Smoke smoke smoke that cigarette! Smoking, once the national addiction, has since been beaten into highly taxed submission by wave after wave of Surgeon Generals Reports, class-action lawsuits, and the painful, expensive deaths of some of its most ardent supporters.
And yet there was a time when smoking was considered suave, healthful, an aid to digestion, and a great way to keep North Carolina fat and sassy. Even though America's tobacco producers had a two-fisted attack plan for winning sales - a highly addictive product sponsored by government subsidies - they still spent millions advertising their cancer sticks and smudgepot fodder to a jonesing, highly irritable America. But how best to reach the sophisticated, worldly audiences of the 1930s and 40s? Comic strips, of course!

Ol' Judge Robbins wanders the world like Caine in "Kung Fu" - righting wrongs, ladling out portions of cheesecake, and extolling the virtues of Prince Albert, the coolest-burning tobacco. Note the importance the ad copy gives to making darn sure we know how smooth and cool and refreshing Prince Albert is. That's why we put ground up leaves in a bowl and set them on fire near our face. Because it's just so cool and refreshing.

Even photographs of stiffly posed models got into the comic act as word balloons inform us that even balding business executives use cigarettes to keep in top shape, just like famous athletes! Well, IS the 1930s we're talking about, when "keeping in shape" meant eating MORE red meat and laying off the broads before the big game. Remember - you can smoke all you want! The Camels ad says so!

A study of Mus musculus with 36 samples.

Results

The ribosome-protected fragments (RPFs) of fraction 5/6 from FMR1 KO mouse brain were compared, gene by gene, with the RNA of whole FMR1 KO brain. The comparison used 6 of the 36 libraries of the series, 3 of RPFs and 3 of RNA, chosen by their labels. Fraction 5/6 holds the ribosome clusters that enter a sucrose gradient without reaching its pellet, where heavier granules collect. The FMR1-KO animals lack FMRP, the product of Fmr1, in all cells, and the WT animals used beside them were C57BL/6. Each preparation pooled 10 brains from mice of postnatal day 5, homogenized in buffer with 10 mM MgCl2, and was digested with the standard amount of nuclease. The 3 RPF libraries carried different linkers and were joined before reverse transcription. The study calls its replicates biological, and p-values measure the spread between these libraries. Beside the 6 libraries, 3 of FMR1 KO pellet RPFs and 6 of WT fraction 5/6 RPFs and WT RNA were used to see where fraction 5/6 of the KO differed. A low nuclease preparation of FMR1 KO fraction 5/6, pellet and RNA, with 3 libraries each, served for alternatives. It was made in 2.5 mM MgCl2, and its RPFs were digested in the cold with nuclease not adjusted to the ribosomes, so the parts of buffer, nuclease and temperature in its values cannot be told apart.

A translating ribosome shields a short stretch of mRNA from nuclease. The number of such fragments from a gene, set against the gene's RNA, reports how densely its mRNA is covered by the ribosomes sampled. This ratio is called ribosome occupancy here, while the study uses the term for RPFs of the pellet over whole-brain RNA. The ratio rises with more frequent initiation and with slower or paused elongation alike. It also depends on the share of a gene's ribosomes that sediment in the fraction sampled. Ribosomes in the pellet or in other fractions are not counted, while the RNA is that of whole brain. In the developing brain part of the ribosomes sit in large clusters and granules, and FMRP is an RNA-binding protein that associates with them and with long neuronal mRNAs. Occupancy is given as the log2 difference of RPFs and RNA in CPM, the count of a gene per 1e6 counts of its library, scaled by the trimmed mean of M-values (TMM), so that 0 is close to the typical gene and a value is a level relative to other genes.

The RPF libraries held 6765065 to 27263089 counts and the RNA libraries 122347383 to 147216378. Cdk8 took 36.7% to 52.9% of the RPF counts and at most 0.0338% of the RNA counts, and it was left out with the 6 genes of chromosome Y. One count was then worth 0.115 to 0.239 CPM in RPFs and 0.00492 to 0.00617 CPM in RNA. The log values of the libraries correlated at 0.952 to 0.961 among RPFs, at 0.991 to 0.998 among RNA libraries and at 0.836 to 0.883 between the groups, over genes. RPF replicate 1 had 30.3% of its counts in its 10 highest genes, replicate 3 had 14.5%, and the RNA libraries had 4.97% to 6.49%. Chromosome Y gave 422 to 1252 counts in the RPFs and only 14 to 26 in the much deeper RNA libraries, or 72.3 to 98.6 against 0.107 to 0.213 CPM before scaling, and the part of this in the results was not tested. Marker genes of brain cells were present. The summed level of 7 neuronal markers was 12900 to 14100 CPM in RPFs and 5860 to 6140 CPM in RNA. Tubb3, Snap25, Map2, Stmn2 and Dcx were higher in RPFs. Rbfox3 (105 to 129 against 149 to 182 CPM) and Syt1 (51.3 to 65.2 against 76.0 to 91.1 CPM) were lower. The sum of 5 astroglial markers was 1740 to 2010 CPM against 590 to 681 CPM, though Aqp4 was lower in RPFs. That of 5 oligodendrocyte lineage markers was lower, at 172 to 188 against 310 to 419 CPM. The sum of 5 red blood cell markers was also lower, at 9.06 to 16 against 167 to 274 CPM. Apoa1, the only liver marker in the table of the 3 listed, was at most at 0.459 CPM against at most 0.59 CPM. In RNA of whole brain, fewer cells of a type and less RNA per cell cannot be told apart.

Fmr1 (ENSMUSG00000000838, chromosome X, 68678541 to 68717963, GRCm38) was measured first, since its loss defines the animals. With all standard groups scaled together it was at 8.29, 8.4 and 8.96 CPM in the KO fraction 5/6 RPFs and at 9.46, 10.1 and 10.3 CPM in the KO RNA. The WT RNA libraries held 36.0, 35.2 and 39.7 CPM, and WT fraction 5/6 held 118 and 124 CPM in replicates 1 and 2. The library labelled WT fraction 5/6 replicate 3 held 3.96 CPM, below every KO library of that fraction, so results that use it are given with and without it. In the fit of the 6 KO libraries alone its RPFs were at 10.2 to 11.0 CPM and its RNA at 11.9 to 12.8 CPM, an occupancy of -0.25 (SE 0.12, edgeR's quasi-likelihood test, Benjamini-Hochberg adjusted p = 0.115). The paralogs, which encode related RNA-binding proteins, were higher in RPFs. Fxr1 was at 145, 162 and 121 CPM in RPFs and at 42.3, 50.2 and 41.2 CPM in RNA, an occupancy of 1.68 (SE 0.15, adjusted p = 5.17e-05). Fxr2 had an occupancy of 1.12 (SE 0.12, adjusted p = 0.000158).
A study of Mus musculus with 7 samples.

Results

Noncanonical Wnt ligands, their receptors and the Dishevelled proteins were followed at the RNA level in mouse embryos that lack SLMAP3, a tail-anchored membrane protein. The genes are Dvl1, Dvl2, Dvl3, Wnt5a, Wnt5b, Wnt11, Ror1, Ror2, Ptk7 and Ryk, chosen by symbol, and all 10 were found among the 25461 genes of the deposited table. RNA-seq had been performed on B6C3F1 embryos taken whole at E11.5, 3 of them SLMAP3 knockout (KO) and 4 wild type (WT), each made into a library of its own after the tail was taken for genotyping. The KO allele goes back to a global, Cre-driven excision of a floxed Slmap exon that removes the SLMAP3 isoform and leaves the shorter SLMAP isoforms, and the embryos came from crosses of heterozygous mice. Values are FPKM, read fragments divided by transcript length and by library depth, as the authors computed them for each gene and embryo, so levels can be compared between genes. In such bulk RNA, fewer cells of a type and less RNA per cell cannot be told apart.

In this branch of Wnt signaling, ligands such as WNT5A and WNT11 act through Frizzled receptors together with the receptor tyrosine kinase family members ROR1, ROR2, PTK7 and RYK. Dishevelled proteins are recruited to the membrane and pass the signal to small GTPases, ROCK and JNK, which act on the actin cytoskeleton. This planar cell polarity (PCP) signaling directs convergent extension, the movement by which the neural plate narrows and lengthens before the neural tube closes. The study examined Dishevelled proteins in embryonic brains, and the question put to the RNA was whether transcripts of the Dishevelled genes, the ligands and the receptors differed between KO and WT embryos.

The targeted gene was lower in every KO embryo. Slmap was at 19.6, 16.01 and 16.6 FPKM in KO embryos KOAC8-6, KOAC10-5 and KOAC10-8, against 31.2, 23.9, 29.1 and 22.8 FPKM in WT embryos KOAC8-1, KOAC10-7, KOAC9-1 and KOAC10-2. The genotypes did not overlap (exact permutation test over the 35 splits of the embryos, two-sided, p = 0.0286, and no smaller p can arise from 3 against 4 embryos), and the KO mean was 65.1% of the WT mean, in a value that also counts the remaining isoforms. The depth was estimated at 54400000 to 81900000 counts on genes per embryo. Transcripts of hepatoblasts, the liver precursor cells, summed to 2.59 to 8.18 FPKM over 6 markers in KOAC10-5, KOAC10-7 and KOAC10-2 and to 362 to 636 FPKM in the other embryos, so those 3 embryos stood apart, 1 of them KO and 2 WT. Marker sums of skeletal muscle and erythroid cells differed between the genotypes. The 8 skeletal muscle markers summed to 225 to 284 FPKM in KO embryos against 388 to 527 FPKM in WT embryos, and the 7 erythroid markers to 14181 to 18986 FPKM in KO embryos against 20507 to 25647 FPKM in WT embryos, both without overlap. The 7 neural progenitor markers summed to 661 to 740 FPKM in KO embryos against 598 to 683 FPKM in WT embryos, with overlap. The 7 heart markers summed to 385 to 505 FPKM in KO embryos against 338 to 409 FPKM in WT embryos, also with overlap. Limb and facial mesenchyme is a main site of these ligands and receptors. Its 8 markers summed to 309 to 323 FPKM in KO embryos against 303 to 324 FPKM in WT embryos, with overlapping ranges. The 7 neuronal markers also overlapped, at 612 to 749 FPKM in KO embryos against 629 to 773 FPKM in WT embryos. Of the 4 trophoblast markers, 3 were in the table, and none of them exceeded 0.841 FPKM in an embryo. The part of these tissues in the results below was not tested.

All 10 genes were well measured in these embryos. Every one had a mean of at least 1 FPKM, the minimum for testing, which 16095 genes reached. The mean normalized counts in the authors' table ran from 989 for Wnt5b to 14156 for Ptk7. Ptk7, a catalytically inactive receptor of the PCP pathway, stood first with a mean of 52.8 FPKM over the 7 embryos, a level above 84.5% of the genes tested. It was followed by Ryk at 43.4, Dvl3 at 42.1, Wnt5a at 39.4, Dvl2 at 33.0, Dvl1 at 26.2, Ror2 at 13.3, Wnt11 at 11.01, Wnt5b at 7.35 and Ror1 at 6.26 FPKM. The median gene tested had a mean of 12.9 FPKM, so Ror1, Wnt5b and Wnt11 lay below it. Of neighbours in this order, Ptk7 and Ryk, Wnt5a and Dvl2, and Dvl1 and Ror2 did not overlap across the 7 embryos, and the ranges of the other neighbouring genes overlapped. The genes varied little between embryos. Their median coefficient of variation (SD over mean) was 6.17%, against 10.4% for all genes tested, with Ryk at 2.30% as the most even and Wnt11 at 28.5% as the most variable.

A parade of sneering Death Row inmates jut their chins in the air to remind us that Prince Albert is the modern streamlined way to smoke! The 'hand rolled' guy seems particularly threatening; I guess Prince Albert makes for a better roll-your-own for a quick puff before that bank robbery or kidnaping. And let's not forget that Prince Albert slogan!

"The National Joy Smoke." This lasted until roughly 1967 at which time "the national joy smoke" went through some changes - it was still hand-rolled and mellow, but possession got you five to ten in the slammer, depending on the state.

Sexy blonde ditches a parade of unibrowed geeks and chinless losers to hurl herself at the happenin' dude with the Sir Walter Raleigh can! Don't be a geek - smoke a pipe! 'Nuff said?

Sir Walter is back with another weird exploration of gender relations as seen through a fuzzy haze of reeking pipe smoke. Hey, I wouldn't marry the guy either, he can't take the damn thing out of his mouth!

I love that graphic. So, why did America have such a love affair with the soothing, calming balm of the lit cigarette? Maybe because in the 30s and 40s they were freaked out of their minds.
Depression, polio, fascism, Bonus Armies, endless MacArthur press releases... check out the subtext of despair and lurking horror behind this cheery cartoon contest ad, in which our only salvation is the slim hope of a few thousand bucks from some weird famous signature identification contest. I'd be smoking too.